The US National Association of Tower Erectors (NATE) – which represents all aspects of the wireless and broadcast communications – is an advocate of the further use of said technology, claiming it can help reduce the number of tower inspections carried out by manned personnel, and in turn reduce the number of fatalities associated with this work.
“Historically, when tragedies occur while working in this industry, a lot of them are from falls,” Todd Schlekeway, executive director of NATE, says. “The industry has made great strides through the years, but the bottom line is when you are working at elevation there is a risk.
“Since 2003, the industry has tracked fatalities, and frankly there have been too many of them. There have been great strides, but we believe drone use in our industry can reduce that number even more.”
Schlekeway says that while there is a keen interest across the industry for drone use to aid safe inspection of infrastructure, the number of different stakeholders can at times slow this down.
This interest has been helped by the US Federal Aviation Administration’s 2016 introduction of its Part 107 ruling, which made the process by which commercial operations of drones can be carried out simpler.
Schlekeway says the regulatory environment is friendlier now, but the issue for this work is that there are a lot of layers involved, and all parties have to agree: “So those things still have to be streamlined in our industry for this to get to scale, and I think each year you are going to see more and more use.”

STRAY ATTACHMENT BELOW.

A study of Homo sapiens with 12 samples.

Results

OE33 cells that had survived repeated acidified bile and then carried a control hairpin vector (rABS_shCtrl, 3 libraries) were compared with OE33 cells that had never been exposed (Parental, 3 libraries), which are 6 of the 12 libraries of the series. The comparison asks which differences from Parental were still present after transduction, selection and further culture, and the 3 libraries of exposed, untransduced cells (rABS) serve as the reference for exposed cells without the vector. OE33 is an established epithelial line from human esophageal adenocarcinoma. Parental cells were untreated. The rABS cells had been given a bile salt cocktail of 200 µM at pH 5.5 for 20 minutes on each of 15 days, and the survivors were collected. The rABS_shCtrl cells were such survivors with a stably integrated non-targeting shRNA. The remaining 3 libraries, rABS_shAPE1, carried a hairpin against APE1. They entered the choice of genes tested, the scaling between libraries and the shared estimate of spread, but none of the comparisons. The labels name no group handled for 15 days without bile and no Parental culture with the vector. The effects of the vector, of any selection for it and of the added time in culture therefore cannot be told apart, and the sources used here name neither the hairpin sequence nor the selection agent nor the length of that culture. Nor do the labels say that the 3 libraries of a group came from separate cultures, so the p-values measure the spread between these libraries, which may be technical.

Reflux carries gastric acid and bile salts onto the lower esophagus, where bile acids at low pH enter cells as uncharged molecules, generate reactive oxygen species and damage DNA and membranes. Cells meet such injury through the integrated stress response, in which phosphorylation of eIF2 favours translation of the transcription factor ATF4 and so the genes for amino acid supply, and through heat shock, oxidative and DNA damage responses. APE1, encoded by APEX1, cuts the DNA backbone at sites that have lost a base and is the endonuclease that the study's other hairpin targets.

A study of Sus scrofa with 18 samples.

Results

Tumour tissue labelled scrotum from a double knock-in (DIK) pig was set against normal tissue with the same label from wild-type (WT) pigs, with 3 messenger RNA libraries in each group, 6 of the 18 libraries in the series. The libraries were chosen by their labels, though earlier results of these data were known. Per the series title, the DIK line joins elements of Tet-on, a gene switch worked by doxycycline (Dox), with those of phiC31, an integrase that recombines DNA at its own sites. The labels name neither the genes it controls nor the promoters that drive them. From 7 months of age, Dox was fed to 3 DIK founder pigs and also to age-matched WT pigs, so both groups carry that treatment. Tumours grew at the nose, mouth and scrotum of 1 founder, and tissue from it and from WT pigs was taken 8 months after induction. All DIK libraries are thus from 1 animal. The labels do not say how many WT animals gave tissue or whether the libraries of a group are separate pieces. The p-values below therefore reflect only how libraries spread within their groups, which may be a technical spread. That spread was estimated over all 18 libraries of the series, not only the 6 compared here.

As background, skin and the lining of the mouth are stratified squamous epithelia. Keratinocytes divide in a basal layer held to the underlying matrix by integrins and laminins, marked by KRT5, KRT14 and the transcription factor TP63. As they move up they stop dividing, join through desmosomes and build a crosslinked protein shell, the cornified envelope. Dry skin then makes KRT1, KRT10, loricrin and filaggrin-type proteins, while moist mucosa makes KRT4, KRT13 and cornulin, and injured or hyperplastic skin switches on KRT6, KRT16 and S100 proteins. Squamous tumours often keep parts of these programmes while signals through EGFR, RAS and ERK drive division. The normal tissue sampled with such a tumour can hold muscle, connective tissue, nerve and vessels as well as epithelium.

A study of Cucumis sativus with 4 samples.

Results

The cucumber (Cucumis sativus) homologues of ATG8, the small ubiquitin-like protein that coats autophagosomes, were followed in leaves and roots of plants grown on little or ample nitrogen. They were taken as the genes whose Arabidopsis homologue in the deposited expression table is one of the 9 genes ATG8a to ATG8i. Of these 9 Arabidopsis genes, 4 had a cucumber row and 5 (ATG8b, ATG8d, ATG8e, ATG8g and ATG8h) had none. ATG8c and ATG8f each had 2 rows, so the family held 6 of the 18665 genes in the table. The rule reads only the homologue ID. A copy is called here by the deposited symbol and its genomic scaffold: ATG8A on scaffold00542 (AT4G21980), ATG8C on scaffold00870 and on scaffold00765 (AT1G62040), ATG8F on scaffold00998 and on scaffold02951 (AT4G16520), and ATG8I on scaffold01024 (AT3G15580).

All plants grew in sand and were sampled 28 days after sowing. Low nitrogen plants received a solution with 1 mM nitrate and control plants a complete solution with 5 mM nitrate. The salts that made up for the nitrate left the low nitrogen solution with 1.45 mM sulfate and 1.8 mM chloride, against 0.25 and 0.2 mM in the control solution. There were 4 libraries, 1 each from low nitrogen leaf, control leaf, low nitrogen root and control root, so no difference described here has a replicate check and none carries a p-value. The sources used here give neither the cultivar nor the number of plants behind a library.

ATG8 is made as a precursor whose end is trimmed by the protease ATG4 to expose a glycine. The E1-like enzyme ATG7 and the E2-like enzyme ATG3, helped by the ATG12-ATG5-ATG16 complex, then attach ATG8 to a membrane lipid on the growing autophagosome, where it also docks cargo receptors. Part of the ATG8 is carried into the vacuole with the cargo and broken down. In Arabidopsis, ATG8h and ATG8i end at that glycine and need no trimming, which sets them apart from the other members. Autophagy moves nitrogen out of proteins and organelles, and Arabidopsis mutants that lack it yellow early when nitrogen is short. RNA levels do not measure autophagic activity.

He stresses that this technology is not going to replace people’s jobs, rather ensure that tasks do not need to unnecessarily be carried out by personnel when they can more safely be undertaken by a drone.
“We feel like we are just scratching the surface now in our industry from a commercial drone utilisation standpoint,” he adds.
NATE is very much behind the further expansion of the use of drones in the industry, with all layers of the chain represented on its UAS committee. This includes contractors, telecoms providers, tower owners, construction companies, and UAS service providers and training organisations.
In the latter category is drone training and software provider Consortiq, which sits on the committee and is helping to shape and promote the safe integration of drone technology into the tower erector marketplace.
“Every one of those layers are enthusiastic, but there is protocol,” Schlekeway says. “This is an exciting time, because I think we are on the front end of this.”